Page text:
Seoul – North Korea blew up an inter-Korean liaison office on its side of the border, in an explosive rebuke to Seoul that appeared designed to draw maximum global attention with little immediate risk of war.
The move represented North Korea’s most serious provocation in years and follows an escalating series of threats against South Korean President Moon Jae-in’s government.
The state-run Korean Central News Agency said in a statement that the office — the most concrete achievement from series of summits between the two Koreas in 2018 was — was “tragically ruined with a terrific explosion.”
In Seoul, Moon convened his top security advisers and put the country’s military on higher alert. South Korea’s presidential office said later that it will respond sternly if North Korea continues to raise tensions.
The destruction of the office “broke the expectations of all people who hope for the development of inter-Korean relations and lasting peace on the peninsula,” deputy national security adviser Kim You-geun told a briefing.
“We’re making clear that the North is entirely responsible for all the consequences this might cause,” he said.
South Korean Unification Minister Kim Yeon-chul, who was at parliament when the explosion occurred across the border, said the move had been “expected.”
The destruction of the building comes about a week after Kim Jong Un’s regime abandoned its operations at the South Korea-funded facility, which allowed officials from both sides to communicate around the clock. North Korea has been seeking to raise pressure on Moon in frustration over Seoul’s continued support for the U.S.-led sanctions campaign that’s hobbled its economy.
While it wasn’t immediately clear how the allies would react, Kim’s target seemed chosen to embarrass Moon without provoking a military response from South Korea or U.S. President Donald Trump. Moon has spent much of his presidency seeking better ties with Pyongyang, sometimes putting himself at odds with more hawkish voices in the Trump administration.
“We can expect Pyongyang will continue with similar military acts, but not enough that would force Seoul to retaliate in kind with force,” said Duyeon Kim, a senior adviser for Northeast Asia and Nuclear Policy at the International Crisis Group. “We should remember that the liaison office was essentially already dead, so, if there’s a real problem, then it’s for South Korean taxpayers.”
The incident was among the most serious provocations since 2010, when North Korea was suspected of torpedoing a South Korean warship, killing 46 sailors, and a few months later shelling a South Korean island, killing two soldiers and two civilians. The attacks threatened to spill into open fighting, but tensions were defused amid concerns about the devastation from another war.
Chinese Foreign Ministry spokesman Zhao Lijian told a daily briefing soon after the incident that the country hoped for peace on the Korean Peninsula, without mentioning the liaison office. China is North Korea’s main political backer and trading partner, giving it a key role in implementing international sanctions against North Korea.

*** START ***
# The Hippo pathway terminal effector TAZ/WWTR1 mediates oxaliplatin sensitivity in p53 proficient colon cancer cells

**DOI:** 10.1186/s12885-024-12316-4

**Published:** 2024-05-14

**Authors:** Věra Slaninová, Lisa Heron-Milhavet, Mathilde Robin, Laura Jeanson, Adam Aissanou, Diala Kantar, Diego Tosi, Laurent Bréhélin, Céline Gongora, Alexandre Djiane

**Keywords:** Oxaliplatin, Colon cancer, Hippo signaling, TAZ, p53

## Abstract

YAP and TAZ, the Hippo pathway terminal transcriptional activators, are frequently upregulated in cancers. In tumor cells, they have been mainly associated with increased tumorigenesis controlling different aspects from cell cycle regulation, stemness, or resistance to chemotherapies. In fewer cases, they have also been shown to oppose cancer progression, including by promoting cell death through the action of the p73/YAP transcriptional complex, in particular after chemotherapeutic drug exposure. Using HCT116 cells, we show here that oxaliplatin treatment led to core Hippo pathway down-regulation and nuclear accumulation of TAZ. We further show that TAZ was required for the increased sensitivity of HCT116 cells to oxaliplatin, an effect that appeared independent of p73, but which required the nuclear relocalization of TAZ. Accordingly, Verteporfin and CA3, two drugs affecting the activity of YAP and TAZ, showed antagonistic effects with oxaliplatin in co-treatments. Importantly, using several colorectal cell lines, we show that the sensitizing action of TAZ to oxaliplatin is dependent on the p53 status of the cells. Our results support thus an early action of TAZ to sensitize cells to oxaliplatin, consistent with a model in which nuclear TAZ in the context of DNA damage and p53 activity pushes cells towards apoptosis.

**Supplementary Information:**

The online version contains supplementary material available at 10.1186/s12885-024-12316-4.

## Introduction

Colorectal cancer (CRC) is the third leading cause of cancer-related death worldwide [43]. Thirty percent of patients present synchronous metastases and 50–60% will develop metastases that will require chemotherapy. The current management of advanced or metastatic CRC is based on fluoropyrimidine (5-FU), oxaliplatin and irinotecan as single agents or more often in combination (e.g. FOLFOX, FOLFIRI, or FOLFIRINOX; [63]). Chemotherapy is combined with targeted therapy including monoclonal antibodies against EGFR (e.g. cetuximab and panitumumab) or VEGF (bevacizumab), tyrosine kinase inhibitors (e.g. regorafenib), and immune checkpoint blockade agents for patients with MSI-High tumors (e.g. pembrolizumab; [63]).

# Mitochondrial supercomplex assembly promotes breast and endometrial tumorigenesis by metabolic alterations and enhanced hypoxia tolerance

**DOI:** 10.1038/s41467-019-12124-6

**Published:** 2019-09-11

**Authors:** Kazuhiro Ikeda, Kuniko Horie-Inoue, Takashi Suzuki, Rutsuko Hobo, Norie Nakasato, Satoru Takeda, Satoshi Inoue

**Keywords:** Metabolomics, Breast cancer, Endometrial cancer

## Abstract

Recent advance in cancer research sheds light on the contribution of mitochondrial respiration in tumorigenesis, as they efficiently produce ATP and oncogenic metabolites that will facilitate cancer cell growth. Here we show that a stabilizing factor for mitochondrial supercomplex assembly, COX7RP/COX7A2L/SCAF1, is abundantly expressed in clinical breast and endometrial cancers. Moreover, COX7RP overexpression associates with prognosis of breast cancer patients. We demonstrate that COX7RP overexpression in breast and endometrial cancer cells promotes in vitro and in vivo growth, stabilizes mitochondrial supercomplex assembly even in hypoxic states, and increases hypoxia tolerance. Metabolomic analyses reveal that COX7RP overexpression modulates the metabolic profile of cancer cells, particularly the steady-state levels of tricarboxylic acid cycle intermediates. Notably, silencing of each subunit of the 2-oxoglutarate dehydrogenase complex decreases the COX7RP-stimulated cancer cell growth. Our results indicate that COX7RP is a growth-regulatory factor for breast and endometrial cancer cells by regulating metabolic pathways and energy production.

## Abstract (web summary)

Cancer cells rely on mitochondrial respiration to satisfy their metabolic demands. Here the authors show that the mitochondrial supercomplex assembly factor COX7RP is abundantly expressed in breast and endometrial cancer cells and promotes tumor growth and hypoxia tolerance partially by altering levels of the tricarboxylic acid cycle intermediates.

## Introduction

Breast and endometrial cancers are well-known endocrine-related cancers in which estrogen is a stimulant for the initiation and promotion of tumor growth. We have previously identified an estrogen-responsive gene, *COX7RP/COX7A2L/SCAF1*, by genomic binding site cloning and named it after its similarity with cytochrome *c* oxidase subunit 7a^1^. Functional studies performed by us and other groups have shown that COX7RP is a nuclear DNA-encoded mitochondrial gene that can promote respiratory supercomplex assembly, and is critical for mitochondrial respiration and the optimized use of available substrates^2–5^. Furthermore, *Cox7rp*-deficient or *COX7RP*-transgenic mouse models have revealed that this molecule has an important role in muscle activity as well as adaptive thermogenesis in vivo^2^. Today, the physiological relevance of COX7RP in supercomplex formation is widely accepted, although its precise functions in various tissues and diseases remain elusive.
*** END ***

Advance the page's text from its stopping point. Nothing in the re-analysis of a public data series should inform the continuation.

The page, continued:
The liaison office, opened two years ago, was part of moves to reduce threats along the border as Kim also engaged Trump in talks about his nuclear program. The office allowed for constant communication between the two sides for the first time since the start of the 1950-53 Korean War.
Earlier Tuesday, North Korea said it was reviewing a plan to send troops into some areas of the Demilitarized Zone, without specifying what parts of the buffer zone in the heavily fortified border area it was considering entering. The statement appeared to be referring to a region near the office on the western side of the peninsula and a closed joint resort in the east around Mount Kumgang, the Yonhap news agency reported.
Besides the liaison office, the North Korean border city of Kaesong, where smoke and an explosion were observed Tuesday, is also home to an industrial park that was jointly established with South Korea and has been shuttered amid tensions between the two rivals.
Cheong Seong-chang, director of the Center for North Korean Studies at the Sejong Institute, said the latest action illustrated North Korea’s “strong will” to “completely shut off” relations with the South.
“North Korea is working toward re-militarization of the Kaesong industrial complex,” Cheong said. “And blowing up the liaison office in the complex would just be the first step on their road map.”
North Korea continued to lay the blame on anti-Kim leaflets flown across the border by South Korean-based activists, saying the country was compelled to “force human scum, and those who have sheltered the scum, to pay dearly for their crimes.”
The regime went ahead with the move, even though Moon’s government last week revoked the licenses of two groups involved and urged a criminal investigation into their leaders.
Over the years, North Korea has often threatened military action — saying it would turn Seoul into a “sea of fire” and sink the Japanese archipelago — but has taken few steps that could escalate into open conflict with the U.S. and its allies since the end of the 1950-53 Korean War.
“It often bluffs, and we have seen lots of that before,” said Zhang Baohui, a professor of political science and director of the Centre for Asian Pacific Studies at Lingnan University in Hong Kong. “However, when it comes to concrete actions North Korea has been prudent as it understands the huge costs associated with imprudent actions.”